Secretary of State Colin Powell engaged in telephone diplomacy Tuesday, seeking early U.N. Security Council action on an American-backed resolution lifting sanctions against Iraq and allowing its oil revenue to finance reconstruction. Bush administration officials hope for final council action this week.
Mr. Powell made two calls to his Russian counterpart Igor Ivanov and also spoke to Pakistani President Pervez Musharraf and the foreign ministers of Germany, France and Spain in a drive to build consensus behind the draft resolution presented late Monday.
The draft, sponsored by the United States, Britain and Spain, would leave the U.S.-led coalition in overall control of Iraq until an internationally-recognized Iraqi government takes office.
But State Department spokesman Richard Boucher says the measure has been amended to more clearly define the United Nations' role in post-war Iraq and to accommodate other concerns of council members.
"The changes that we've been making to the resolution we think go in the direction of many things we've been hearing from other governments," he explained. "We think they have and will have substantial support, and that the resolution still achieves its essential purpose, which is to lift the sanctions on the Iraqi people, define a vital role that the United Nations can play in the recovery, provide a mechanism for the sales of Iraqi oil so that whole process can get going and so that money can be used in a transparent manner for the Iraqi people."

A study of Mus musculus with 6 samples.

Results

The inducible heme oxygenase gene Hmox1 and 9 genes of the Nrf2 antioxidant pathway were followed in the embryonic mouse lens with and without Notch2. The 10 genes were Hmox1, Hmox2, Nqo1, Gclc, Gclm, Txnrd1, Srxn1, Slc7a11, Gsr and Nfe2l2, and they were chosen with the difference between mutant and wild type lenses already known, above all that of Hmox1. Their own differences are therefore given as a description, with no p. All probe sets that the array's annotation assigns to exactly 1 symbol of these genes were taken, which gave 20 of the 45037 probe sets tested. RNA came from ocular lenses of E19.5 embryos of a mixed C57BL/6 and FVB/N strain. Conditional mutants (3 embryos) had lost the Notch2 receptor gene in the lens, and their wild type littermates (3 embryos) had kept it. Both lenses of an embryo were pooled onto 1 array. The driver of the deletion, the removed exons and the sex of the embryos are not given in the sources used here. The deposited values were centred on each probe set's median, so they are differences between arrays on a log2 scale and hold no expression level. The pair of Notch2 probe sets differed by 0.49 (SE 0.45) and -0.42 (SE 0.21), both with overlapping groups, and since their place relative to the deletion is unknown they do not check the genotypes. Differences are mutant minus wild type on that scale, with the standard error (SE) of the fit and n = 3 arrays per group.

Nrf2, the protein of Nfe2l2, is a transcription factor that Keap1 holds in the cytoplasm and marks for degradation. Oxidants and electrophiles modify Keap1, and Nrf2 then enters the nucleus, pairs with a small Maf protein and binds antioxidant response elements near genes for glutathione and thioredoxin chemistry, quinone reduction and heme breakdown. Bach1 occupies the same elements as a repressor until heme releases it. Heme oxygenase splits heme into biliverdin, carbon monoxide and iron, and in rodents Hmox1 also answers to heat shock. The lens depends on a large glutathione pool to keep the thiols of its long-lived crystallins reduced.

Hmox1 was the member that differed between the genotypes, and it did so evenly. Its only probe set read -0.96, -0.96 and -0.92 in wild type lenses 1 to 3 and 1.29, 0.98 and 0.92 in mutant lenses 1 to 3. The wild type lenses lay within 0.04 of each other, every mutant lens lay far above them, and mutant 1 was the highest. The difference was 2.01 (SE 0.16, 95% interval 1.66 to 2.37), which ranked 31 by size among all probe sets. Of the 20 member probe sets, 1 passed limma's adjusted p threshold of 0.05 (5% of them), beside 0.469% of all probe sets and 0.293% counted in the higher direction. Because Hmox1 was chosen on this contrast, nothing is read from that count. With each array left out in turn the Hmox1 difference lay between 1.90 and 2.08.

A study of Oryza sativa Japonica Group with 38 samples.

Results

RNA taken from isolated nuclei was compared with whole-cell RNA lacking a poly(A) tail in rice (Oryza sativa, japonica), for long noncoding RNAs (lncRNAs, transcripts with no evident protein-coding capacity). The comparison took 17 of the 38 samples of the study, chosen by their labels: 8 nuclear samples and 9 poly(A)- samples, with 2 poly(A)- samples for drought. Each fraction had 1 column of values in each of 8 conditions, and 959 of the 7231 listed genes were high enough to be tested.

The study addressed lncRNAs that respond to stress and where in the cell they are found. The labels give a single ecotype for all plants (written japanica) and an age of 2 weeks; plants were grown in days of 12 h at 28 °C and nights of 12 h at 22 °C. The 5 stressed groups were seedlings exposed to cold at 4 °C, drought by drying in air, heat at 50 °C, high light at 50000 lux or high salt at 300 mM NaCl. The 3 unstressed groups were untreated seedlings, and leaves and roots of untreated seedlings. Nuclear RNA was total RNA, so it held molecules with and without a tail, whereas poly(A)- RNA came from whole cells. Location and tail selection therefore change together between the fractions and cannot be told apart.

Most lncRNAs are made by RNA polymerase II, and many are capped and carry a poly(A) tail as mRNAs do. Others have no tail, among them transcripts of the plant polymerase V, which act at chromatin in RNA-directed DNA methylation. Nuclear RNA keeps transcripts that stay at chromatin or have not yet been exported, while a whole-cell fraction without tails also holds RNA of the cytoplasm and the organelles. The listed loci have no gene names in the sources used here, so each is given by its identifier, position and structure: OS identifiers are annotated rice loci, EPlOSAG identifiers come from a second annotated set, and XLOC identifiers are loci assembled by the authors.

While the Bush administration had initially spoken only of a coordinating role for the U.N., the amended resolution calls for a U.N. special representative for Iraq "with independent powers" to work with the United States and Britain in setting up a new government in Baghdad.
The U.N. Oil-for-Food program would be phased out over six months, rather than the four months originally sought by the United States, in order to meet Russian and French concerns that more time be allocated to clear up disputes over past oil contracts.
Officials here say the diplomatic negotiations over the draft resolution have been amiable and in marked contrast to the angry debate preceding the Iraq war, when France, Russia, China and Germany refused to authorize U.S.-led military action.
Spokesman Boucher said the secretary of state hopes for a unanimous 15-to-nothing Security Council vote for the measure, perhaps before he leaves Washington late Wednesday for a meeting of foreign ministers of the G8 industrial powers and Russia in Paris.